If you’re curious what’s in my camera bag, this post is for you!
Let me put a disclaimer on this post and say that good photography does not depend solely on your equipment, but good equipment does sometimes make it easier to achieve the results you’re looking for. Regardless of equipment, a professional photographer also needs the skill to use that equipment, a good eye for composition, the ability to pose people, and editing skills and style. In this post I share what I’m shooting with and some of the technical reasons why I chose my equipment.
1. Nikon D750
I absolutely love this camera! I have 2 of these so I can have a backup and save time by not having to switch lenses all the time. I prefer Nikon over Canon just because that’s what I started shooting on. Here are a couple of factors that I took into consideration when choosing my camera:
- Sensor size: This camera is full frame. I prefer to shoot with a full frame camera because of the better low light performance, better depth of field, higher dynamic range, and the true angle of view without a crop factor. If you’re just getting started, definitely do some research before deciding on your sensor size, you’ll have to buy lenses based on what you choose!
- Manual controls: I love that this camera has two dials that I can easily control aperture and shutter speed with. This makes shooting in manual intuitive and easy.
- Dual memory card slots: Having 2 memory card slots is nice because I can set one slot to be a backup. This is important so I never have to worry about the memory card failing.
- Tilting screen: The tilting screen is great for shooting at odd angles. It’s handy for shooting down at the clients (the most flattering angle) and still being able to view the picture. It’s also nice for flat lay images.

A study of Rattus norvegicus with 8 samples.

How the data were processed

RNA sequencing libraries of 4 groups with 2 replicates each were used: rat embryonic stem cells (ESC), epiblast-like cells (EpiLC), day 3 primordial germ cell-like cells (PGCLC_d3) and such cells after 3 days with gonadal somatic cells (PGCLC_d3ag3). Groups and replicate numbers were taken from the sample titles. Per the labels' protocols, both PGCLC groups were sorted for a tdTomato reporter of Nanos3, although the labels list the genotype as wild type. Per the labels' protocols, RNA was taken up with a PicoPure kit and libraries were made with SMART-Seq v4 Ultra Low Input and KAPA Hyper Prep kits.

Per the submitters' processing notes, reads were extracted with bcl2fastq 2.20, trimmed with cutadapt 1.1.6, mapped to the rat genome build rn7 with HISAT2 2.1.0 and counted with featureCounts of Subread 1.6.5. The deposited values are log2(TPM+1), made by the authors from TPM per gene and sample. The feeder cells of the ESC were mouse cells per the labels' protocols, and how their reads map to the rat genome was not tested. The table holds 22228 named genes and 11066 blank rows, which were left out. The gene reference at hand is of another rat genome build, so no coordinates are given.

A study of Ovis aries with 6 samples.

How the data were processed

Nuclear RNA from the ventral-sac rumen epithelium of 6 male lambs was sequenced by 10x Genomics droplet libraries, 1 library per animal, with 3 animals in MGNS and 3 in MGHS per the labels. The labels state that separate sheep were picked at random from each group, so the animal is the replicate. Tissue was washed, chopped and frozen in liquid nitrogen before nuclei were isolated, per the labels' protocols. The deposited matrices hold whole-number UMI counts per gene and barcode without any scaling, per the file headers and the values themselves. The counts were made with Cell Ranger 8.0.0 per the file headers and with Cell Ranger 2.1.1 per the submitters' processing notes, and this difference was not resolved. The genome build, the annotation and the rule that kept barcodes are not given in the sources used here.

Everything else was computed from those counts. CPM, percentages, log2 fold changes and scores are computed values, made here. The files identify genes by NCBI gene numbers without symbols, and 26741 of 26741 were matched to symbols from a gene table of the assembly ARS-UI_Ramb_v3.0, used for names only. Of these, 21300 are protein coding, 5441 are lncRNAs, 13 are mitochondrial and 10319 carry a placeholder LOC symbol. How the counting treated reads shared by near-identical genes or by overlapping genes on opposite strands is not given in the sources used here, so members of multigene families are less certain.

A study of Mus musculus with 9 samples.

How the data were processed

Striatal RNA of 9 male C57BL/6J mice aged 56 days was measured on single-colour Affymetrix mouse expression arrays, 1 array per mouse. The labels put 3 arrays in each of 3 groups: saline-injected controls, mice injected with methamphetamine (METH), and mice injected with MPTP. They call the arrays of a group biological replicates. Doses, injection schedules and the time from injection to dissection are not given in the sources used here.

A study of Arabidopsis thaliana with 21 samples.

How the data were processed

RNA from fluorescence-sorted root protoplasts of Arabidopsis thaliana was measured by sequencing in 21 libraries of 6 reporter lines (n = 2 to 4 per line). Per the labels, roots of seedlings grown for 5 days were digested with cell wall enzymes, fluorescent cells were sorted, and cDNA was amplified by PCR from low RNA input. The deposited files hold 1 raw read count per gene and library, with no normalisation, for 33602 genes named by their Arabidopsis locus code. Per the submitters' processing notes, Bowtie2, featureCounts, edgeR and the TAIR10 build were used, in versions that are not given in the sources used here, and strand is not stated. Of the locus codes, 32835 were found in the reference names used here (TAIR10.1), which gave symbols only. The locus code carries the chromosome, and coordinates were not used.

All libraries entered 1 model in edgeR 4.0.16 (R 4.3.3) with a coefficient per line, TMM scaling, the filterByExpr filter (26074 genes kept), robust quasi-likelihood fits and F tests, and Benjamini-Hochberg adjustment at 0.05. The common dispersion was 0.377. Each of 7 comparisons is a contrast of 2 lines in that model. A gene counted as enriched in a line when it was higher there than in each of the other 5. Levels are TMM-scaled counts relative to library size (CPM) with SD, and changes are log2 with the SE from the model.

- Video: This isn’t necessarily a factor that most wedding photographers worry about, but I wanted a camera with good video quality since I enjoy doing a little freelance videography, and my background is more in the videography area. This camera takes 1080p high definition video at up to 60 frames per second. This basically means that you can slow down the video without losing quality.
2. Fujifilm X-T1
I don’ take this camera to weddings, but I love it for traveling and documenting everyday life. This is a mirrorless camera with an electronic viewfinder. It’s water resistant and basically just a lot of fun to use.
A good DSLR camera will eventually wear out after a certain number of shots. Good lenses on the other hand, last a lot longer. Because of this fact, I actually believe that buying quality lenses is more important than the camera you choose. My best advice to new photographers is to invest in prime lenses. You can’t zoom in with prime lenses, but you can achieve better low light performance and blurrier backgrounds because of the aperture.
- Nikon 35mm 1.8 – This is my widest prime lens which makes it the best for bridal parties, family formals, and venue shots.
- Nikon 50mm 1.8 – This lens is the most versatile focal length. If you had to buy just one prime lens, this should be the one you start with.
- Nikon 85mm 1.8 – This is my most zoomed in portrait lens and I use it mostly for bride and groom portraits.
- Nikon 105mm 2.8 – This macro lens allows me to get close up shots. It’s perfect for rings, earrings, and other little details.
- Nikon 70-200mm 2.8 – This is my only zoom lens. I use this lens during the wedding ceremony and reception to get close up without having to stand close to the subject.